Common Name - Love-lies-bleeding
A genus comprising about fifty half-hardy annuals
of coarse growth and native to mild and tropical
countries in many parts of the world.
The foliage is large, oval and pointed, and the
flowers are small and numerous, forming into a
drooping tassel-like raceme.
The familiar Love-lies-bleeding is Amaranthus
caudatus: two to three feet, it hails from the
tropics and has drooping reddish stems bearing
var. atropurpureus is of a slightly deeper and
var. viridis is a white-flowered form similar
in habit to the foregoing.
Known as Joseph’s Coat, Amaranthus tricolor,
from India, has red, green and yellow foliage
and drooping purple flowers.
Amaranthus hybridus is too coarse to be of value
in cultivation, but its form var. hypochondriacus,
four to five feet high, known as Prince’s
Feather, is favoured in gardens for its branching,
erect panicles of bright red.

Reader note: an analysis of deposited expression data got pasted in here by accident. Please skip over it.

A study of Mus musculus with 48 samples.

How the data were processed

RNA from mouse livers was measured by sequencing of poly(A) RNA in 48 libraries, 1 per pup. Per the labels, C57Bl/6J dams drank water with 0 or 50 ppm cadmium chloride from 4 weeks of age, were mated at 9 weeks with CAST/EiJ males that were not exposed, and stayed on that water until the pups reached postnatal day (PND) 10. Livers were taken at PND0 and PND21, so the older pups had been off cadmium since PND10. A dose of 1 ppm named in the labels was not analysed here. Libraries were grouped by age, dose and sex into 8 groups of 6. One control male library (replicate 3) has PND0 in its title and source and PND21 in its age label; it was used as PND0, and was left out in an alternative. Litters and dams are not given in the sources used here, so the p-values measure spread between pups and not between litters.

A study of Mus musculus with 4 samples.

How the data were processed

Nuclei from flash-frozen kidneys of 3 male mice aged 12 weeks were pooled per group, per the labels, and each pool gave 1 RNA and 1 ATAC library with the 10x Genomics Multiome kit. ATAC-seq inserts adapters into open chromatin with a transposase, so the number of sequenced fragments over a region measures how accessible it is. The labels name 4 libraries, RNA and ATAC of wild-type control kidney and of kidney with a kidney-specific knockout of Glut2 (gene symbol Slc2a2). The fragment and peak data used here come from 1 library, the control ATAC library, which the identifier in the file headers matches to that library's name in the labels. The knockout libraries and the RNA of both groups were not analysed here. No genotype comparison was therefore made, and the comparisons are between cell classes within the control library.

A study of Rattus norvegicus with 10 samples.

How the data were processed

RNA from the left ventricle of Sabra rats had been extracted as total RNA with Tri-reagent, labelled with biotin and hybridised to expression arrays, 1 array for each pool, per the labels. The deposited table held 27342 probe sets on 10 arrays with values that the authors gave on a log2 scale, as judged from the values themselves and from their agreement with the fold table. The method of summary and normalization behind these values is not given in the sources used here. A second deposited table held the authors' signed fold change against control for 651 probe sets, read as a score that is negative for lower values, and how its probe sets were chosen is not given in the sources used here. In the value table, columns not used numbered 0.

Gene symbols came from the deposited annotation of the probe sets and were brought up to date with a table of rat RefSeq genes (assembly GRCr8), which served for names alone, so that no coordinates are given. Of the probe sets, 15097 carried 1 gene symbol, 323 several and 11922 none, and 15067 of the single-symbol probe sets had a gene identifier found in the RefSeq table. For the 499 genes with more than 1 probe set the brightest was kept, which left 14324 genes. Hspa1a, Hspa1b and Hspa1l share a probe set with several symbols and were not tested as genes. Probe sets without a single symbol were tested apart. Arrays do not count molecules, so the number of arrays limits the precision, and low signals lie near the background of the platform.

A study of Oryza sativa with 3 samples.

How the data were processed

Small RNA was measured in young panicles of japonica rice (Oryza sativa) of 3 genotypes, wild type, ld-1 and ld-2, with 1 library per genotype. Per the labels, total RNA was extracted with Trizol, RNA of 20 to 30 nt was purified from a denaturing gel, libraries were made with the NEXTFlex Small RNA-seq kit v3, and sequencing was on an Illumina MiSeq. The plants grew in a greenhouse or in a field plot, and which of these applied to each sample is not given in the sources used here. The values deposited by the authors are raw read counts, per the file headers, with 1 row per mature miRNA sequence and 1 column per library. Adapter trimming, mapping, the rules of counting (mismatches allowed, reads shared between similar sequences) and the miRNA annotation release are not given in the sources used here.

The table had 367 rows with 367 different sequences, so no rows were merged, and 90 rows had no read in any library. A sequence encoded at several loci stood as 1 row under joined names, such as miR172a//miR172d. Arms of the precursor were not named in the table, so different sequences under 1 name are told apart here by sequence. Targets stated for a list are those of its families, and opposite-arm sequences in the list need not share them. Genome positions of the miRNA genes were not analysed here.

Seed may be sown under glass with artificial heat
in March, pricked off into boxes or pots when
an inch or so high and planted out-of-doors in
Propagation is from seed.
The flowering season is from midsummer onwards.
Amaranthus hardy anuals
Amaranthus caudatus, Love-lies-bleeding;
Amaranthus hypochondriacus, Prince’s Feather.
These two are hardy annuals, with dark foliage
and spikes of crimson flower.
May be sown in the way that is found to suit the
soil and the climate; in the open in favourable
conditions; in boxes under some shelter where
unprotected sowings are found to fail.
The varieties melancholicus ruber and tricolor
are half-hardy foliage plants, having crimson
leaves variegated with yellow, green or white.
They must be raised from seed sown in heat in
March, and brought on with the usual routine until
it is safe to plant them out in May or early June.